Reef Code B-P - Balanced Calcium & Alkalinity System DRY - Part B (Alk.)
- The alkalinity-bearing component of a two-part method for dosing calcium and carbonates (the substances largely responsible for increasing alkalinity (”buffering capacity”)) in the same ratio as that found in natural seawater.
- Benefits reef-building organisms such as corals, clams, calcareous algae, etc.
- Simplifies calcium and alkalinity maintenance; economical for particularly large systems.
- Contains no phosphate, silicate, or organic material.
- Formulated by a marine scientist.
Instructions and Guidelines
Instructions and Guidelines: Dissolve 20 grams per 8-fl. oz. of purified water in a clean mixing container and stir to dissolve; dose the resultant solution to the aquarium system as required to maintain the alkalinity within a range of 7 - 12 dKH. Up to 60 g per 8-fl. oz. of purified water may be mixed at once.
Instructions and Guidelines: Create a stock solution by dissolving 30 grams of REEF CŌDE B-P in 8-fl. oz. of purified fresh water; each ml of the solution will increase the alkalinity in 1 US-gallon (3.785 L) of water by ~1.0 dKH (0.375 meq/L). [Reference: Each g of REEF CŌDE B-P will increase the alkalinity in 1 US-gallon (3.785 L) of water by ~8.3 dKH (3 meq/L).] If initial alkalinity in the aquarium is below 7 dKH (2.5 meq/L), add stock sol’n at maximum rate of 10 ml per 20 US-gallons daily until desired alkalinity is attained, then dose daily or weekly as needed (see below). Maintain alkalinity within a range of +/-1 dKH. Once desired alkalinity has been acquired, measure the alkalinity at the same time each day over a one- to two-week period to determine the required rate of alkalinity depletion. To determine daily dosing rate: estimate volume of water in entire aquarium system (US-gal.); divide the daily decrease in alkalinity by 2.1 (when reading dKH); multiply this number by volume of water in system to obtain daily ml of stock sol’n required to maintain stable alkalinity. Maximum strength of the stock sol’n should not exceed 58.3 g RCBP per 8-fl. oz. purified water. Dose system as required to maintain desired calcium (using REEF CŌDE A-P) and alkalinity values. Do not mix solutions together; this will cause the active components to precipitate and become ineffective. May be mixed individually in large containers and dosed with a drip- or automated-dosing system; ensure that solutions are entering the system in different areas to prevent precipitation. If adding manually, allow at least 60 seconds to pass between dosing REEF CŌDE A-P and B-P solutions.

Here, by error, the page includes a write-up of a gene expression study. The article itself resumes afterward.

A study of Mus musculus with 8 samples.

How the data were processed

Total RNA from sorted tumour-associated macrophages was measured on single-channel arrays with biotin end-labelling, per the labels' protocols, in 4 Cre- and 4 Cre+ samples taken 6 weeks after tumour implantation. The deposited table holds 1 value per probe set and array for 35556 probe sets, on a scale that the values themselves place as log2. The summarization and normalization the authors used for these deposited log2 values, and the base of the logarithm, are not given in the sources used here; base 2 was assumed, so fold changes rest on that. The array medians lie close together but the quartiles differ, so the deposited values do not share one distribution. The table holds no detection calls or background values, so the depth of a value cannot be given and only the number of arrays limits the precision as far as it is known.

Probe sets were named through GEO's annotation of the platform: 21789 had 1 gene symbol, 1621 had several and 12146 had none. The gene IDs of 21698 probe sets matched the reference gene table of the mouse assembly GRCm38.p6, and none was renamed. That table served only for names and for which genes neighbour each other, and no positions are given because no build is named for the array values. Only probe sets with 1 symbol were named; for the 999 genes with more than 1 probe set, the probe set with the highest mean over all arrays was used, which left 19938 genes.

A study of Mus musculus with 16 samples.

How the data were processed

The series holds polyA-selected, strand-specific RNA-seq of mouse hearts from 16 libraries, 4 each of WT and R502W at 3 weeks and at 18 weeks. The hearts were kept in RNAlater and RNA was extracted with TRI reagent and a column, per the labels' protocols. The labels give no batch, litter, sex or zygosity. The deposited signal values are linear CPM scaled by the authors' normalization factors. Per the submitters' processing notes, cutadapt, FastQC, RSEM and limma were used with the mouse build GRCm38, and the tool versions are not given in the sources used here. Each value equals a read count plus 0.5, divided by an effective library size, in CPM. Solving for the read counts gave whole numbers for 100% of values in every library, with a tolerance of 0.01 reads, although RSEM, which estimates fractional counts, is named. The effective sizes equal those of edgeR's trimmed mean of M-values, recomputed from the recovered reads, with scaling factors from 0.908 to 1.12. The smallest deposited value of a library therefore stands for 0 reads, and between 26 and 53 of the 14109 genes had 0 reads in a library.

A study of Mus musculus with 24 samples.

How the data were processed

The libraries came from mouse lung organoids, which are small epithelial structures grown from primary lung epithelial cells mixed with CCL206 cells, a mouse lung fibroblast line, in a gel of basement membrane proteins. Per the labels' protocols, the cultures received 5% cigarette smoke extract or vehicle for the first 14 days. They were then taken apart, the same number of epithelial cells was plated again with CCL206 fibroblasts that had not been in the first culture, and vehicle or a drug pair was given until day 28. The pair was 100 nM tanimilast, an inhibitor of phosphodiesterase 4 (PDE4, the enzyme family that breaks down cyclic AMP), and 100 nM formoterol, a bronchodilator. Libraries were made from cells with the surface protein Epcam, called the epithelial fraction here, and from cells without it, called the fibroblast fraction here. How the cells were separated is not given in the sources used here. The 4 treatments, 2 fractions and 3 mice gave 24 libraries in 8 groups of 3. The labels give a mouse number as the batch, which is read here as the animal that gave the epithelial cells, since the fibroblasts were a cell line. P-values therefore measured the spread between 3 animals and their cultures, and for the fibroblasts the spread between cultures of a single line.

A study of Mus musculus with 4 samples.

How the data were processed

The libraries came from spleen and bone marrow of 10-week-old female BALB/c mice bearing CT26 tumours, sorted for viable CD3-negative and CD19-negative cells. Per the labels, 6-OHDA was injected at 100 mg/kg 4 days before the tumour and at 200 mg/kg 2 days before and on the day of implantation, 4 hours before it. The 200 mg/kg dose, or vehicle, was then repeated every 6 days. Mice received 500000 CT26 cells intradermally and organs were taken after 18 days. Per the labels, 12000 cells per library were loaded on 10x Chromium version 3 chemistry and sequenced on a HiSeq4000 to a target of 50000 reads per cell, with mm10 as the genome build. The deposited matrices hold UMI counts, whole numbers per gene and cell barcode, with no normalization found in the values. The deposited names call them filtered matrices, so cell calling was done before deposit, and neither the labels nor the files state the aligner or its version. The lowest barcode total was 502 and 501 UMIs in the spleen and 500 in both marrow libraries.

Contains carbonate and bicarbonate salts; harmful if swallowed. If swallowed: give water, get medical attention. May cause eye or skin irritation. If in eyes, flush with water for 15 minutes, get medical attention. If on skin, wash thoroughly with water. Keep out of reach of children. Not for human consumption.
Inorganic Carbonate, Bicarbonate, Sulfate, and Borate salts.
It is recommended that calcium and magnesium concentrations in the aquarium system be determined by using accurate test kits prior to supplementing. Do not add this product directly to an aquarium containing live animals without first diluting in water as directed. Technical Background: This method of calcium and carbonate supplementation is advantageous to hobbyists interested in a simple and effective means of providing elements and molecules required for skeletal growth of reef-building organisms such as corals, clams, and their allies. The magnesium concentration in all reef aquaria should be adjusted to, and maintained between, 1,290 - 1,320 ppm before using these supplements (alone or together) or other calcium and alkalinity products. Doing so helps prevent unwanted precipitation between calcium and carbonate ions. Additional information on this subject is available on our website and on the label for Brightwell Aquatics MAGNESION. The rate at which calcium and carbonates are extracted from the water is determined by the stocking density of reef-building livestock, type of lighting, and other conditions; therefore, each aquarium will have different requirements for the rate of supplementation.